Ever since Charles Darwin cruised around the Galapagos Islands aboard the HMS Beagle, it seems that cruises of the islands have been the best way to see them. This was true even relatively recently, as the cruises had better accommodations and food than were available in the small towns, plus you got to see more visitor sites.
That’s changing now, and island-hopping tours (also referred to has land-based tours or hotel-based tours) are much more popular. This can be attributed to improved services in the towns of Puerto Ayora (Santa Cruz Island), Puerto Baquerizo Moreno (San Cristobal Island) and Puerto Villamil (Isabela Island). Even tiny Puerto Velasco Ibarra (Floreana Island) is getting in on the action.
But which sort of tour is better for you? Here’s a handy guide to get you started.
Food and Accommodations
In the past, the cruise ships would have won this category hands down. The rooms on the ships may be a little cramped, but they’re generally nice, and the food is top-notch, especially on the luxury and first-class ships, where they bring in professional chefs to prepare the food. Nowadays, however, there are a variety of hotels on the islands catering to every comfort level and the food in the restaurants is quite good. Edge:Ships.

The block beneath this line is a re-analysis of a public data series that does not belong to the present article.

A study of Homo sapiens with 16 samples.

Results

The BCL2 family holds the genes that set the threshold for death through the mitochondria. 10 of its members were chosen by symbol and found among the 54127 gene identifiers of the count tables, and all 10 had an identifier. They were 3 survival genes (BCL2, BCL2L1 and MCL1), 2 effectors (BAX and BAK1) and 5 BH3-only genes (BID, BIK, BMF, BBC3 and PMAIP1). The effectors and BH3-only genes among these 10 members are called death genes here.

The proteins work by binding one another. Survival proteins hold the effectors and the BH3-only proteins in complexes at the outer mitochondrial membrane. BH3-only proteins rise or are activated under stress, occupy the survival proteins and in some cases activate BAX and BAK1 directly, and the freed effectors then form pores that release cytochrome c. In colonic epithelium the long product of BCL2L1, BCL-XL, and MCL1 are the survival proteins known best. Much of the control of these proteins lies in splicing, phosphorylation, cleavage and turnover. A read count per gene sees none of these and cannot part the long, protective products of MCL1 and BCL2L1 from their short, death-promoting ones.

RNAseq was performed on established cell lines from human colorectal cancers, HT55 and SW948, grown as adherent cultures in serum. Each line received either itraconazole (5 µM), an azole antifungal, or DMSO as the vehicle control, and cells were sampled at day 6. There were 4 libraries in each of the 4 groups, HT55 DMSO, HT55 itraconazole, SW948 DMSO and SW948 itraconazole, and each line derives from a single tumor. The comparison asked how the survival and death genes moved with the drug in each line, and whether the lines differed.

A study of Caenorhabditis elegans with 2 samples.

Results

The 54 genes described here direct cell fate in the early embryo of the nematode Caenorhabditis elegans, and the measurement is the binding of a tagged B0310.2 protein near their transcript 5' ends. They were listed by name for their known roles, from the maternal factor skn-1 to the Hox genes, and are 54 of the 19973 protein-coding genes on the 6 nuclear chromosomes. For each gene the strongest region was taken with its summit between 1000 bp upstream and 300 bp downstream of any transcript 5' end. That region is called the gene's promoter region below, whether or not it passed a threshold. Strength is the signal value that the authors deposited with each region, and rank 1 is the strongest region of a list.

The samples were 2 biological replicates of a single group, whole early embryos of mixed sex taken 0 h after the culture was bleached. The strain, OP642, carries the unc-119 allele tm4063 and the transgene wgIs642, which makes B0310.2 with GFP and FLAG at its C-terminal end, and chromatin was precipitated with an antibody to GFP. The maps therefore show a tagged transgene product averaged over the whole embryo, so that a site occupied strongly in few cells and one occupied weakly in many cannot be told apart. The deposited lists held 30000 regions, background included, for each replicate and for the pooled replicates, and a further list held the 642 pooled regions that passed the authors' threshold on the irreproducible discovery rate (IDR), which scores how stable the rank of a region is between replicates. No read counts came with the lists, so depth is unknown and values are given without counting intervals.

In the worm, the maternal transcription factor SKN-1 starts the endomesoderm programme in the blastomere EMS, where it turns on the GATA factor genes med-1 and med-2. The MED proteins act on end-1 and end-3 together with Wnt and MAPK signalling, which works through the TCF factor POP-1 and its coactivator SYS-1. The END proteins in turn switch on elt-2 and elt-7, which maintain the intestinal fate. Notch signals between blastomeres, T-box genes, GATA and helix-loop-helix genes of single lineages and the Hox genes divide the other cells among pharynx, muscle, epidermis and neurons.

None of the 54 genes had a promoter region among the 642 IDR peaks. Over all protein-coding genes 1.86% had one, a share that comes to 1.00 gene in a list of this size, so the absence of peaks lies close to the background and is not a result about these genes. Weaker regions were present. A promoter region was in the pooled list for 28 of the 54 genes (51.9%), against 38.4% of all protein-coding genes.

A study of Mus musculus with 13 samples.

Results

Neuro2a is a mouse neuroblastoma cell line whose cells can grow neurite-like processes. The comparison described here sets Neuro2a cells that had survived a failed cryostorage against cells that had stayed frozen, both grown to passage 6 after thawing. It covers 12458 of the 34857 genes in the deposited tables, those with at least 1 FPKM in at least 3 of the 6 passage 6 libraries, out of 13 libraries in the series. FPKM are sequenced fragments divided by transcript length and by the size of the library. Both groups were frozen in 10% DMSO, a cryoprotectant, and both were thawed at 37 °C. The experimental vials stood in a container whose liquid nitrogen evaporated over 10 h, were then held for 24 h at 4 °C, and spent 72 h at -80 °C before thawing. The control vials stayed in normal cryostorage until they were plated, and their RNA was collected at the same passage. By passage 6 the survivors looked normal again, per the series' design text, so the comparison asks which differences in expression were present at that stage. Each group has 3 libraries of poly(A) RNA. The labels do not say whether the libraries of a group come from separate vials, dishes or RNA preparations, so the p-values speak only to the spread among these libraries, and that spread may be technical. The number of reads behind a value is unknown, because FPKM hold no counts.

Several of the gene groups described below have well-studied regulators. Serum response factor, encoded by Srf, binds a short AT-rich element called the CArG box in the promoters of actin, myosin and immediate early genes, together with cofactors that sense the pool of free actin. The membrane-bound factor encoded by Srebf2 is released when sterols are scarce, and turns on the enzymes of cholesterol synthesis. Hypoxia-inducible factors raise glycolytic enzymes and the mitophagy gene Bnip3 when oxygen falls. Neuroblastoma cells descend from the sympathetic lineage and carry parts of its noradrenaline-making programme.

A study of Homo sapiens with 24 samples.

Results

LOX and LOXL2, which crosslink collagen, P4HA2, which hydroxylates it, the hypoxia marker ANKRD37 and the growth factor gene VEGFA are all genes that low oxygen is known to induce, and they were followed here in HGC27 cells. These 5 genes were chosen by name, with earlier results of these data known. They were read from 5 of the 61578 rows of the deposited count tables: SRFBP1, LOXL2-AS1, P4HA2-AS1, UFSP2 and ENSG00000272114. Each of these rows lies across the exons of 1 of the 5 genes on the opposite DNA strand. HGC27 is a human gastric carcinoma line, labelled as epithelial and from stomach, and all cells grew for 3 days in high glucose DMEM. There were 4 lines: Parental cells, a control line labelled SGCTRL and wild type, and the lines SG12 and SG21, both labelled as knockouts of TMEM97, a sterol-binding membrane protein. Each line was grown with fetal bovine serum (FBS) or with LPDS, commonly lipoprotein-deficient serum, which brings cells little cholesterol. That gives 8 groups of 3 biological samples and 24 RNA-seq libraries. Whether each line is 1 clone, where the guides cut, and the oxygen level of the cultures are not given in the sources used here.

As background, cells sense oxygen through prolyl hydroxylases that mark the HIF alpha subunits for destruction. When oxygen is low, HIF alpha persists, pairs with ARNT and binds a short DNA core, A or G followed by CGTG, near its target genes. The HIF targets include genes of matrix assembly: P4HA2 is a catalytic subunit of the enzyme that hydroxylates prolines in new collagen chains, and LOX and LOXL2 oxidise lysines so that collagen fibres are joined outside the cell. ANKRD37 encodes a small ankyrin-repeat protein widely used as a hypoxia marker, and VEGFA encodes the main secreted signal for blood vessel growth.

Edge: The food’s probably better on the ships, but spacious rooms on land even the score. Ships take the win because of limited hotel facilities on Isabela and Floreana Islands.
Galapagos cruise ships are expensive. That’s just the way it is. The nicer ones can cost hundreds of dollars per night. There are some relatively inexpensive boats in Galapagos, but many of the cheapest ones are of questionable quality and service can be abominable on the rock-bottom cruisers. Last-minute deals can be a big help. In the towns, the most luxurious hotels can be quite expensive, but it is possible to find an acceptable room for as little as $20/night/person and you can save a lot on food if you buy it at the markets. All of the towns have visitor sites nearby that are free.